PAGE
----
ALBANY – The state budget, already past its March 31 deadline, will be approved Saturday.
No, it won’t be.
Sure it will. Plenty of time.
No way. Key issues are still not resolved, hours and hours of more closed-door briefings are to come, followed by even more hours of floor speeches to pass nine outstanding budget bills. It’s a holiday weekend and many want to celebrate Easter. So it will be next week before passage.
And so it has gone, and gone, for several days, according to lawmakers, staff and lobbyists. Consider this your Albany 101 lesson in governmental timing, an elusive creature, as it is every year in the days leading up to approval of what will be a state budget totaling more than $200 billion.
It became clear early Friday afternoon that final budget passage would not be coming over Easter weekend. On Friday, many lawmakers who were physically present for session this past week went home for Easter or the final night of Passover on Saturday. While remote voting is now allowed during the Covid-19 pandemic, some lawmakers’ legislative tasks essentially require their presence in Albany.
One such lawmaker: Assembly Majority Leader Crystal Peoples-Stokes, a Buffalo Democrat who runs the floor and other operational activities of the 150-member house.
“I am at home. I do anticipate going back Monday," she said Friday afternoon.
“Things are almost done, but there are a couple of things that need to be resolved," she said of the 2021-2022 budget. She declined to discuss specifics.
Many key issues – from education aid to health care issues – have been resolved and most spending matters are already shut down.
But Democrats who run the Senate and Assembly and Gov. Andrew M. Cuomo have been unable to come to terms on a few not-so-insignificant matters.
At the top of the list: how to pay for the historic spending increase.
Democratic lawmakers want tax hikes on wealthy people and some corporations. Cuomo is OK with some level of taxes on such people and entities, but not at the levels – more than $7 billion in new taxes – that lawmakers are seeking.
On Friday, various sources said they believe a tentative deal had been reached on the tax hike matter, though nothing was put into a bill yet. In fact, by Friday afternoon only 1 of the 10 bills that will compose the budget have been made and the tax hike differences were nearing a tentative deal.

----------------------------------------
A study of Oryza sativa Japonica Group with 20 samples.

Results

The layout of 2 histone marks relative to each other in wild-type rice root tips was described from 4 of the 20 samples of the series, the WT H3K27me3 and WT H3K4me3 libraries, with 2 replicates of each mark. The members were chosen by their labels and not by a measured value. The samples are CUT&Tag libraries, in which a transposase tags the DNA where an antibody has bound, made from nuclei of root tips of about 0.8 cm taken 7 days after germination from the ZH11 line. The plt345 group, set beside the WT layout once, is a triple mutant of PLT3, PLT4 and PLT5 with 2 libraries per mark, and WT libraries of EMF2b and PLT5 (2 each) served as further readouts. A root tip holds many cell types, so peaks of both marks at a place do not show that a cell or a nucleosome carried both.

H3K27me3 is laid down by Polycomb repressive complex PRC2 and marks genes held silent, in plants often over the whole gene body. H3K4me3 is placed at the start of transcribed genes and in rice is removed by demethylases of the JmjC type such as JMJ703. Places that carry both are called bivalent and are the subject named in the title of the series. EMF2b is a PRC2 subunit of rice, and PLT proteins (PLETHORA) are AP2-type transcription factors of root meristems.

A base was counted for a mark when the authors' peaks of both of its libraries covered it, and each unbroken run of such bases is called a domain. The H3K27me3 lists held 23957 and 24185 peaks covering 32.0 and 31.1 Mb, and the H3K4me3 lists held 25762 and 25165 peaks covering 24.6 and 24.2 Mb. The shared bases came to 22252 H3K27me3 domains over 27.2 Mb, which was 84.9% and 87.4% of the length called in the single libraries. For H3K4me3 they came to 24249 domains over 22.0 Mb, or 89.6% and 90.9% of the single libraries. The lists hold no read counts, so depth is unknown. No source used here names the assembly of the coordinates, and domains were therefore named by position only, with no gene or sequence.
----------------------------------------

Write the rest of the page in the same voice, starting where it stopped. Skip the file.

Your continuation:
Not at a tentative deal, at least before sunset Friday, were several intertwined gambling-related issues. That means if one of the matters fell off the negotiating table, they all would fall off.
First up is mobile sports betting legalization. Sports betting is permitted in-person at four upstate commercial casinos and Indian-owned casinos only. The idea is to use the casinos as the homes for computer servers that would let online sports bettors place their wagers remotely – or at kiosks at OTBs, tracks and other places – from anywhere in the state, including inside stadiums.
But Cuomo proposed a more limited approach to how many for-profit companies could get involved and far higher revenues going to the state than what lawmakers – and the industry – have wanted.
“We still have a pulse here," said State Sen. Joseph Addabbo, a Queens Democrat who chairs the Senate Racing, Gaming and Wagering Committee and is author of the Senate bill to legalize mobile sports gambling. He said the odds for legalization were at 50-50.
Addabbo said if sports betting doesn’t come in the budget, it would be another year and a half before, politically, it would likely get the momentum it now has.
Another late wrinkle was that one approach under consideration could cut out Native American tribes, including the Seneca Nation and the Oneida Nation, from participating. That could, lobbyists say, mean mobile sports betting could be restricted from large areas of upstate – including the Buffalo area – because of exclusivity deals the tribes already have for gambling ventures in their regions.
Addabbo, without discussing specifics, said the Native American issue is being worked on.
Tied to the mobile sports betting is a plan pushed by some to permit up to three new casinos to be opened in the New York City area, where global casino companies have floated offering the state $500 million to $1 billion in upfront casino rights’ fees. That battle has an army of lobbyists and millions spent in TV ads to try to get the casino expansion, and produced much finger-pointing about what politically wired companies might get preferential treatment to land a casino deal.
The third leg of the gambling stool on the table: a tax bailout for upstate commercial casinos, including ones in Seneca, Tioga and Schenectady counties. The casinos have underperformed both in revenues and tax payments to the state – compared with what they promised when the casinos were awarded.